While self-driving cars appear to be as inevitable as augmented reality headsets, the auto industry and its technology partners likely have years of testing to complete and regulatory loopholes to jump through before self-driving cars hit most highways.
Until then, the same computer and AI that will eventually be the driver in autonomous vehicles can be our backseat driver by way of AR.
On Sunday, Nvidia CEO Jensen Huang took to the CES stage to discuss, among other things, its new Drive platforms. According to Huang, the offerings can be used by automakers and ride-sharing services to not only build autonomous vehicles further down the road, but also deploy artificial intelligence co-pilots and augmented reality interfaces in autos within the next few years.
Drive runs supercomputers that Nvidia has shrunken down from a "trunk full of computing gear" to a system-on-a-chip, which acts as the brains behind a self-driving car. The computers run an operating system called DriveWorks that analyzes incoming data from numerous sensors and reacts accordingly while maintaining awareness via Nvidia's cloud-based mapping. With the processor and OS, car companies will be able to write their own AI to run on it.
"We believe what's going to really define your driving experience is the AI that the car companies create for the car," said Huang.
The same computer that powers that self-driving experience will enable the AR interface. For this, Nvidia has developed Drive AR, a software stack that displays points of interest, alerts, driving statistics, and navigation prompts for drivers.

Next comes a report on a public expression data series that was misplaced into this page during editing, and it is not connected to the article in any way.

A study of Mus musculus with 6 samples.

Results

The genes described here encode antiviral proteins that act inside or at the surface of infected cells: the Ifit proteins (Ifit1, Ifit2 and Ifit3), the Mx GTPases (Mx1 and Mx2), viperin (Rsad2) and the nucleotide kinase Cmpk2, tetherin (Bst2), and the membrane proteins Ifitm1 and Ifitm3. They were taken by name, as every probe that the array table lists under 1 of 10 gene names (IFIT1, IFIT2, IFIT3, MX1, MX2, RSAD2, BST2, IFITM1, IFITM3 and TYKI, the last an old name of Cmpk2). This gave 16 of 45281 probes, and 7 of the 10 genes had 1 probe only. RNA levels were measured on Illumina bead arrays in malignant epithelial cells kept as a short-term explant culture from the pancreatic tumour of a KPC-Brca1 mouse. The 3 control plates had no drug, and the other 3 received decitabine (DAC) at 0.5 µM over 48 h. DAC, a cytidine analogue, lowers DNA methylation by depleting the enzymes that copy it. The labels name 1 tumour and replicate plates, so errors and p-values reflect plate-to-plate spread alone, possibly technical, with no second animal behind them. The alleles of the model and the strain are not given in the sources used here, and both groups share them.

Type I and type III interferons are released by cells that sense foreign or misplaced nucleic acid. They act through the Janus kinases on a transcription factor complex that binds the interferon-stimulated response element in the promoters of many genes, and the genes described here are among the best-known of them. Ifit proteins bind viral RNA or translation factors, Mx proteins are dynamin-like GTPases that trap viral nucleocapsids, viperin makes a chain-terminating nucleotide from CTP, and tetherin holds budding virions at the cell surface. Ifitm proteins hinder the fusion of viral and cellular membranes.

"We know that augmented reality is going to define the future of user interfaces," said Huang. "If you had a car that you ship in five years time, you will simply not understand if it can't have a conversation with you. In five years time, you will simply not understand if it doesn't have augmented reality capability."
Using a virtual reality simulation, Nvidia showed off its vision for an AR interface. Rather than overlaying graphics on the windshield, a dash-mounted display would replace the traditional instrument cluster behind the steering wheel. In autonomous vehicles, the AR interface would still play a role, confirming the actions the AI is taking on-screen to reassure passengers that all is well on the road.
"You should be able to look right out, either a head-mounted display or the infotainment system, and graphics that [highlight] the things that it sees, and the points of interest, are perfectly registered to it," said Huang. "It almost looks like the computer graphics [are] right there in the environment."
Nvidia is offering a software development kit for Drive AR so that automakers can build AR interfaces. The company already counts Audi, Mercedes-Benz, Tesla, Toyota, and Volvo among its automotive partners, and the company also announced new partnerships with Volkswagen, Uber, Baidu supplier ZF and autonomous driving startup Aurora.
So in the near future, chances are, if your new car has AR, it'll probably have Nvidia in it.